Advocates: Demand open government in Mississippi

Published 11:00 pm Wednesday, March 18, 2009

Open government advocates say Mississippi can do a better job of providing access to information, but citizens have to demand it.

Brent Cox of the Mississippi American Civil Liberties Union said citizens should go to city council, school board and other meetings and speak out when they’re denied documents.

Cox said the ACLU has had to send letters to various government groups informing them they are in violation of the state’s public records laws. However, he said unless citizens “cry foul” government entities will continue to abuse the law.


Cox said the ACLU is currently assisting Eugene Lockhart, a 65-year-old Jackson man who describes himself as transient.

Cox said Lockhart has been denied access to his police records. Lockhart said he wants the documents to find out what charges have been filed against him after being picked up for sleeping on benches and accused of trespassing on private property.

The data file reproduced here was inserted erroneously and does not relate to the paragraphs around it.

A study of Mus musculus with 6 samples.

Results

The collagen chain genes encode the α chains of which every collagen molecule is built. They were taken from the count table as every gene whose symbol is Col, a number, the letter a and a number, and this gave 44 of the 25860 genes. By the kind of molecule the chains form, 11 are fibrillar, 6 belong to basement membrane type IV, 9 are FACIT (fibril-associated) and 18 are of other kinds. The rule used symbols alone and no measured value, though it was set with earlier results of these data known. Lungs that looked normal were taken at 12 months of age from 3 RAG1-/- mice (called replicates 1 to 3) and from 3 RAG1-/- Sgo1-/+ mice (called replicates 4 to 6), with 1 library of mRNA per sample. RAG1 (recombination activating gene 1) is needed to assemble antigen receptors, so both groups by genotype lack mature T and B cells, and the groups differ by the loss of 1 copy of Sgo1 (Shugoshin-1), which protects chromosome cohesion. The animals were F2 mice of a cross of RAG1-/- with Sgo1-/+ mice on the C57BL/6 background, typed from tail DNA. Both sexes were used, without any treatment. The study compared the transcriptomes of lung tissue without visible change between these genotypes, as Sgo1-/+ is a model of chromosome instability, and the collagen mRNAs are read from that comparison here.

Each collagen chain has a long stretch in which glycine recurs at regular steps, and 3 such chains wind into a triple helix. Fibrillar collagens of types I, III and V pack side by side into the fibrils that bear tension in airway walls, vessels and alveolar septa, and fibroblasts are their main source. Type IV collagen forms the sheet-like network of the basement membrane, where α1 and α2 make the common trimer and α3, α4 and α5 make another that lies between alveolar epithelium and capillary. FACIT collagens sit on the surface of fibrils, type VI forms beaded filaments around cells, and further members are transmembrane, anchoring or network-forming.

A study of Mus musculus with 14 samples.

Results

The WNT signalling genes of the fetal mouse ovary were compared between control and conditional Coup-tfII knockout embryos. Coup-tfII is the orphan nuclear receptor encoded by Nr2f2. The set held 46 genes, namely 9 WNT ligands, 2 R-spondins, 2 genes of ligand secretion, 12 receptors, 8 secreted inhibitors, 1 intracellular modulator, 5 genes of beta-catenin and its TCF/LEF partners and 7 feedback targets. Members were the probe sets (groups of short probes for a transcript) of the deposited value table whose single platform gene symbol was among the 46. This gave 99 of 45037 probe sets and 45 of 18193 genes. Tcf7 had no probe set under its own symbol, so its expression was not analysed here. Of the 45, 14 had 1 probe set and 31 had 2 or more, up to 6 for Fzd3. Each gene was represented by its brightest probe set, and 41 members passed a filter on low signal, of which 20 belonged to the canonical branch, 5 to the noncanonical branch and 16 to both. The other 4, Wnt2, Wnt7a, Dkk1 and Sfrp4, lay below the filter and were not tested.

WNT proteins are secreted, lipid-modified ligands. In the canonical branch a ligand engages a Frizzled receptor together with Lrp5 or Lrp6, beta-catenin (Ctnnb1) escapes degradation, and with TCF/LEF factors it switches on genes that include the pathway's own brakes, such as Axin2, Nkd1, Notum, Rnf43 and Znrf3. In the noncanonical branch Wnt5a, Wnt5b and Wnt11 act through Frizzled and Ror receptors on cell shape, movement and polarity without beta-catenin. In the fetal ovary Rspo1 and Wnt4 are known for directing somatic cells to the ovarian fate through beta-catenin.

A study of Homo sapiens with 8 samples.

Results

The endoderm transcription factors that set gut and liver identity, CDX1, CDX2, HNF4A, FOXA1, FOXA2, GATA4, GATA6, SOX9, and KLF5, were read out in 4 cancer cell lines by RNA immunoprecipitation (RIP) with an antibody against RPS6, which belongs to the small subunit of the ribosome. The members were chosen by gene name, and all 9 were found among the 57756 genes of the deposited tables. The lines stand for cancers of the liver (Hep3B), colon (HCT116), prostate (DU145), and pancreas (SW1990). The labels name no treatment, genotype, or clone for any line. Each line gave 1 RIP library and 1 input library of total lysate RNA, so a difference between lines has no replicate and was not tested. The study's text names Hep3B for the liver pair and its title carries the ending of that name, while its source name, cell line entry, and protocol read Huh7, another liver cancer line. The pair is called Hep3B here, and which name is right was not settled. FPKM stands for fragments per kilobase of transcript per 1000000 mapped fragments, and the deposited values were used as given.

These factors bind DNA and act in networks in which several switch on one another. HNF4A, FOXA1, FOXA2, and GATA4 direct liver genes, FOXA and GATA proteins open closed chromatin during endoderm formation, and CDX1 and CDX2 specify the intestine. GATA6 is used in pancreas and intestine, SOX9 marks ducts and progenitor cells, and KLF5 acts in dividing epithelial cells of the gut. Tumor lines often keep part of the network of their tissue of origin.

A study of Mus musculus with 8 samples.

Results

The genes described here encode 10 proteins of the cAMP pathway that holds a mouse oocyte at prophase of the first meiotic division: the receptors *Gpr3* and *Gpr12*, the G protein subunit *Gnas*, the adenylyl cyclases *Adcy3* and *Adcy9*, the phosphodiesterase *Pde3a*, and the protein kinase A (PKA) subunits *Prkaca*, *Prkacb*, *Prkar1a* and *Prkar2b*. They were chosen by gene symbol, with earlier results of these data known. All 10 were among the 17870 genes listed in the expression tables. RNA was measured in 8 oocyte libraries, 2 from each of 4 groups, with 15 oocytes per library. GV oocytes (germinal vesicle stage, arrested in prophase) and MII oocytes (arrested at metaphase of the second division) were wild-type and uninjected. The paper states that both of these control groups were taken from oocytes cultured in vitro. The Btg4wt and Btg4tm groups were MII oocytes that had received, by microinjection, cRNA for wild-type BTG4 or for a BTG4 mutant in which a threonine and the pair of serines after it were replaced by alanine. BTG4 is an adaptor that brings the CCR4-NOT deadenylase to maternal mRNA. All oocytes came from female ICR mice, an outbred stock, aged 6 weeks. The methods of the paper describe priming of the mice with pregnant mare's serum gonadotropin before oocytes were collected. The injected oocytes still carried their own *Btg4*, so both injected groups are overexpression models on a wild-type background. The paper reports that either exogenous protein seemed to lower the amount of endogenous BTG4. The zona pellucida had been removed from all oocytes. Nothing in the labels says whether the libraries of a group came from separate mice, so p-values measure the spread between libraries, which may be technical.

“I’ve been denied access to the courthouse or told the right personnel is not there,” to provide the records, Lockhart said. “I’ve been kicked out of city council meetings.”

Assistant Police Chief Lee Vance referred questions to the city’s legal department, which didn’t immediately respond.

“We’re helping him submit a public records request and we’re tracking how long it takes for the city to comply, if they comply at all,” Cox said.

Open government legislation didn’t fare well this legislative session, said Leonard Van Slyke Jr., a Jackson attorney who represents media groups and deals with public records law.

Van Slyke said one bill would have shortened the time an agency has to respond to a records request from 14 to 3 business days. He said the current law is “entirely too long.”

Another bill would have defined what agencies could charge someone for government documents. Currently, the fee can vary from agency to agency.

A third proposal to open access to 911 tapes was introduced but never got out of committee.

Van Slyke said he was discouraged, but added that “it generally takes more than one year to educate the Legislature about bills.”

The bills are Senate Bill 2921 and House Bill 1048.